Ever since Congress failed to agree on budget actions to avoid the "sequester," naysayers have scoffed at the notion that across-the-board cuts would inflict real harm.
Sen. John Cornyn, R-Texas, accused President Barack Obama of exploiting the issue "to scare people in order to grow the size of government."
"Most of the nation will wake up Friday morning and yawn," Rep. Tim Huelskamp, a Republican from Kansas, said after Congress failed to act.
While it's true that most Americans haven't yet been touched by the sequester cuts, that will soon change and for some, it could be brutal. In Sacramento and other cities, poor families who depend on the federal government to help pay their rent will likely be the first to feel the pain.
The Sacramento Housing and Redevelopment Agency is bracing for a 9.4 percent cut, or the loss of $13.9 million this year. The bulk of the money goes to subsidize rents for poor families.
The magnitude of the cut means that housing subsidies that cover approximately 1,700 families in Sacramento County will be lost beginning as early as July. There is a straightforward fix that could avoid putting more than 4,800 people all poor, and many of them children, elderly or disabled out of their homes.
The federal Department of Housing and Urban Development could authorize local housing officials to reduce subsidies to landlords by a set amount, say $75 per unit. But so far HUD has refused to do so. It seems the federal bureaucrats are having difficulty determining whether they have the legal power to authorize such a common-sense accommodation.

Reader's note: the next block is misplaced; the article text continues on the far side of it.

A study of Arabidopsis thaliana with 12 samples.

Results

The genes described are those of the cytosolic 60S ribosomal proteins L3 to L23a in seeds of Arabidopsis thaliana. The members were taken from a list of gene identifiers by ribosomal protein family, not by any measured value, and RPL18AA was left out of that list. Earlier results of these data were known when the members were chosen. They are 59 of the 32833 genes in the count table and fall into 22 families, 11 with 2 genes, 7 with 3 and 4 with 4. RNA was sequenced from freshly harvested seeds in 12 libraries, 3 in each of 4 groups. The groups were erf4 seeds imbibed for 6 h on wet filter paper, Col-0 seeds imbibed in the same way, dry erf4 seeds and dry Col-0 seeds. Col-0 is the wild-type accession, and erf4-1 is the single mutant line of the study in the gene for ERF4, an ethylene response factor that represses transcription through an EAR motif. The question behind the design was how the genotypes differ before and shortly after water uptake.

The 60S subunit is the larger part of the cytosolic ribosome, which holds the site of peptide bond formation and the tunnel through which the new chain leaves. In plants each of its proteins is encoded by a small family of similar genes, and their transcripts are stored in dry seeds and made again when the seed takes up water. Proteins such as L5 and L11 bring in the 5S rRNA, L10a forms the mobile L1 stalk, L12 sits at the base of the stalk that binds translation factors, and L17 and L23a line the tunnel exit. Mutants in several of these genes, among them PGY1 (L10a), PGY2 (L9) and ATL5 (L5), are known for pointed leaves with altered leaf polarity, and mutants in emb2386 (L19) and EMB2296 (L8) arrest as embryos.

There's another option one that does not require federal authorization.
Local housing officials could ask landlords to voluntarily give up a portion of the subsidy they receive that is, ask apartment owners who accept federal housing vouchers to cut rents for a period of time.
Landlords have an incentive to do so. If they refuse to cut poor tenants some slack by reducing rents, they will have to evict them. Under California law, eviction is a time-consuming and expensive process.
Neither option serves the long-term goal of reducing homelessness and expanding the supply of affordable housing for the nation's poorest and most vulnerable citizens. Statewide, some 350,000 people are on waiting lists for subsidized housing. When Sacramento opened its waiting list for housing vouchers in June, 50,000 people applied for 3,000 slots. While the subsidies are modest, over the years, landlords who participated have been able to count on steady reliable payments from their federal partner. Sequestration introduces an element of risk for landlords that is extremely detrimental to the future of subsidized housing.
The ultimate solution is for Congress to end sequestration. If that's not possible, at minimum lawmakers should give agencies like HUD the flexibility to make cuts where they will do the least harm.
Members of our local congressional delegation should make this a top priority.